God will provide

A lot of people here in the South believe Sunday is the Lord’s Day: a time for relaxing, being with family and giving thanks. And on a typical Sunday night in winter, Asheville is frigid and still. Not too many folks in town, and by midnight, it seems as though the world’s asleep. All the shops and late-night restaurants are dark. Only a few bars and the Merrimon Avenue Exxon show any signs of life. So what are bored and lonely Ashevilleans supposed to do? What possible fun is to be had at this hour on a Sunday in the South?

In Asheville, the name Scandals conjures images of TV screens, dancers, loud club music, assorted rooms, huge dance floors, and plenty of wild people and flashing, colored lights. It’s a fixture on the local nightlife scene, with a reputation for big space and diverse crowds. But on Sunday, the Lord’s Day, even Scandals shifts to a more relaxed and “family”-oriented approach — a way to start the week on a pleasurable note. In a single room downstairs, with chainlink fencing delineating pool table, DJ booth and seating area, a stage is set. Music-video images command center stage, disco balls hang from the ceiling, neon lips and a fake gorilla head adorn the walls. The lighting is low, and the music takes hold of your hips and makes them move willy-nilly. Clearly, people come here to laugh and to celebrate.

The bar’s modest size puts the crowd’s collective body heat to excellent use; for a while, the piercing cold is but a memory. And just when you thought you’d seen it all, the room suddenly grows quiet and the stage lights come up. The crowd crams together so everyone can see. Expectant smiles and eyes fill the room: It’s time for the Sunday-night drag show.

Patrons are still pouring in, and a round of hugs and hollers erupts as people greet their friends. It’s a blessing seeing Jesus’ message of neighborly love so enthusiastically acted out. Besides, this is Asheville, where even God might enjoy joining the local hell-raising population and stepping out on the town now and then.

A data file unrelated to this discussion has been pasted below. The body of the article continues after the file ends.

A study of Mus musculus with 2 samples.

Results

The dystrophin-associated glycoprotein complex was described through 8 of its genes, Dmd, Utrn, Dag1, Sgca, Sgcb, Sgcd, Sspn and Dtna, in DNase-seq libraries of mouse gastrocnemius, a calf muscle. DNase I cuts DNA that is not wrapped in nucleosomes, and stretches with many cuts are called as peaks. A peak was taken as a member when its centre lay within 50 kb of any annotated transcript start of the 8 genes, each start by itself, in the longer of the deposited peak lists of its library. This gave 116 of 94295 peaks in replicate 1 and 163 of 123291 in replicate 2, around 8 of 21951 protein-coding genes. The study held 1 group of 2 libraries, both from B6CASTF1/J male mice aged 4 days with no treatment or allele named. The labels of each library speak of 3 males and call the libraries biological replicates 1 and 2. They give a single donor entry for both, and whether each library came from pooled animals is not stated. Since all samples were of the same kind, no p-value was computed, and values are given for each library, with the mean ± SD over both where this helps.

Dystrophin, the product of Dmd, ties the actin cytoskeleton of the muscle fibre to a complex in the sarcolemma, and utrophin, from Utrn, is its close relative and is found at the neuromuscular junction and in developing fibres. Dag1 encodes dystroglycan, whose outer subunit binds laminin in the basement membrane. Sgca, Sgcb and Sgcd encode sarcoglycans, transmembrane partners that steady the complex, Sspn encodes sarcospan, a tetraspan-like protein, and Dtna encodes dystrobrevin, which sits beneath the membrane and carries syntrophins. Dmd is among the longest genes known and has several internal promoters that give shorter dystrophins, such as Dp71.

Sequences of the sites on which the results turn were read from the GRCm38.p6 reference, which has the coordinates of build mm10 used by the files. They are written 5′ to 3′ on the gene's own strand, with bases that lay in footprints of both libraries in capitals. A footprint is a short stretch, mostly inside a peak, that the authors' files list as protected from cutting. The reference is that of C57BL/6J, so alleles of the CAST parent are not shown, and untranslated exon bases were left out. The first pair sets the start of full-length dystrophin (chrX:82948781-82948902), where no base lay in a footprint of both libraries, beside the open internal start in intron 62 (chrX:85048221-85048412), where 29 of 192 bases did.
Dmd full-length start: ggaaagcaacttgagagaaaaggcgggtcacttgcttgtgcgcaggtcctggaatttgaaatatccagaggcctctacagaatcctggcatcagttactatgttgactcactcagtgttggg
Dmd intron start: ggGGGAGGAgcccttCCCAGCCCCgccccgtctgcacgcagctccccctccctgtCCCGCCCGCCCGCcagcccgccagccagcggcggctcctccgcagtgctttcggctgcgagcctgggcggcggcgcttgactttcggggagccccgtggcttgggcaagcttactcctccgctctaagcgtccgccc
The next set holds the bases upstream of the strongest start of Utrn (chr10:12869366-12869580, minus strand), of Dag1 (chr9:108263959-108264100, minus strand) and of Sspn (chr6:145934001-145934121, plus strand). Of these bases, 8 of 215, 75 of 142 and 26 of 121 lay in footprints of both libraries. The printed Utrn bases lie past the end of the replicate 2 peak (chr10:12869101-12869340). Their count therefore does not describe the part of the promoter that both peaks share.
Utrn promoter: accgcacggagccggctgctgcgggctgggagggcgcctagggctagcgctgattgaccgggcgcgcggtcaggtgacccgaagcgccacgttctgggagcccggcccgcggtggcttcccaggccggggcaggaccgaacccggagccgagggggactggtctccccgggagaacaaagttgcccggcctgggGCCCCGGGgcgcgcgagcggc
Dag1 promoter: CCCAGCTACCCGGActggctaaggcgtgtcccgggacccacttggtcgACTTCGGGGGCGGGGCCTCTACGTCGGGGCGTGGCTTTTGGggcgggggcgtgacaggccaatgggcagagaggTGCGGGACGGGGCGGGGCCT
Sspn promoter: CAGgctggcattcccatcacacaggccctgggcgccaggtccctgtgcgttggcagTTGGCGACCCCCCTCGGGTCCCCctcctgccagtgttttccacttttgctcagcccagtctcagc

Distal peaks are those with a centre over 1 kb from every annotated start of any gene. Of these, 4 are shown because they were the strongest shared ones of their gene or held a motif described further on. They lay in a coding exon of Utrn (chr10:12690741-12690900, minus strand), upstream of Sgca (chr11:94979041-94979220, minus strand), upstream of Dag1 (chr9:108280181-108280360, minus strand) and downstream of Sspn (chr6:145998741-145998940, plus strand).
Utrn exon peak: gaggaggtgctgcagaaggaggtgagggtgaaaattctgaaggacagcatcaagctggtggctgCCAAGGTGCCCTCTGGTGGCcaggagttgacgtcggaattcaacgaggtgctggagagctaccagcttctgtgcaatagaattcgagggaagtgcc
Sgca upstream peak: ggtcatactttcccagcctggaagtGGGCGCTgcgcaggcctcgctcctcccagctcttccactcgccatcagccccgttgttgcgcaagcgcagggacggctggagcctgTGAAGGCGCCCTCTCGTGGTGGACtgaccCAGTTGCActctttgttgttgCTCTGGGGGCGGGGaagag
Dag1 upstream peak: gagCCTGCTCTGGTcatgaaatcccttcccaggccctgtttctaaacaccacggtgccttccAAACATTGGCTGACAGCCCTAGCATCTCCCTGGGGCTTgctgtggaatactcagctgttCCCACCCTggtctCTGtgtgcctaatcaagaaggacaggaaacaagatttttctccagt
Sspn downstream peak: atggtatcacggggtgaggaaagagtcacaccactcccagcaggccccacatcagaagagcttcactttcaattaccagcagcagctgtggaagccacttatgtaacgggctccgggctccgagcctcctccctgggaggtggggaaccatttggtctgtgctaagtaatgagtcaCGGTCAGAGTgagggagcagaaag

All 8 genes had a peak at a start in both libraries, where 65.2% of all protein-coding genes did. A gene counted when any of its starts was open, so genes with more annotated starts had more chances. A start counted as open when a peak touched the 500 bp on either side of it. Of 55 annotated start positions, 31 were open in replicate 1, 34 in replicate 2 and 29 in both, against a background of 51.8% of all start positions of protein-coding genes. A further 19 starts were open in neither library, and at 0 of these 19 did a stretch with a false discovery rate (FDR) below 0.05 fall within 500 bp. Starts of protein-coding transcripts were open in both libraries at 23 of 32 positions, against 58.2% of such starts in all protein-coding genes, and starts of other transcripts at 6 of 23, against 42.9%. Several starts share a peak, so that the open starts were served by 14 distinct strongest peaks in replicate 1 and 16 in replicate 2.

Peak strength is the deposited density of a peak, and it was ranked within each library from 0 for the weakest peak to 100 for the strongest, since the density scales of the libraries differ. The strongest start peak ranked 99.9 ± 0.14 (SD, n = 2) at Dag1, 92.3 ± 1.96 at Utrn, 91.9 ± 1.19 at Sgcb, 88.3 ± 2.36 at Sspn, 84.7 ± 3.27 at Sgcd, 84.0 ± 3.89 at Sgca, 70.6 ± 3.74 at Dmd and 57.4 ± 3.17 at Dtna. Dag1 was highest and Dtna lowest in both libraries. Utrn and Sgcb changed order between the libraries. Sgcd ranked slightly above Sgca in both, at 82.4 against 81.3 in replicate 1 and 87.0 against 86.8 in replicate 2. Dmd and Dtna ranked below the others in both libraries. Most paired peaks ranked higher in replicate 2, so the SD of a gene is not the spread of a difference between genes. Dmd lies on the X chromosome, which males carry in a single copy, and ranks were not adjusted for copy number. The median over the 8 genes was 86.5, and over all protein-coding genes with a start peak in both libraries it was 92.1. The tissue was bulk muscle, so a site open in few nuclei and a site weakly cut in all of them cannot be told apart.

The queens walk with dignity and confidence, flashing legs and showing cleavage, sporting costumes that run the gamut from the classic to the erotic. Glitter, faux fur, high heels, faultless makeup and bootie-shakin’ are the name of the game here. This may not be the big time, but the audience adores these divas. Everybody knows that once they leave Asheville, it could be a good many miles before they find another drag show. Besides, Sunday night at Scandals invites everyone to be themselves, let loose, take a break from the mundanity that often seems to dominate this life.

The strength radiating from performers like Roxxy Hart is captivating. The 27-year-old, a seven-year veteran of the drag circuit, grew up in WNC and has regularly hit stages in the Carolinas and Tennessee. Tall and striking, with a velvety voice, the mere sight of her is enough to chase away the winter blues. Her eyes seem mysterious, her spirit powerful yet warm — and sweet as honey. When she’s not busy with her day job, Roxxy finds time to perform weekly at Scandals, Friday through Sunday. She also volunteers with Loving Food Resources. Roxxy has already represented Asheville in a national competition of drag performers in Dallas and will continue to compete this year.

Wasn’t the life of Jesus about staying true to yourself even in the face of danger or ridicule?

And as the weekend winds down and you find yourself facing the specter of another dreary week, maybe it’s time you tried a different way to kick back and observe the Lord’s Day.

[Sarah Benoit is a freelance writer based in Asheville.]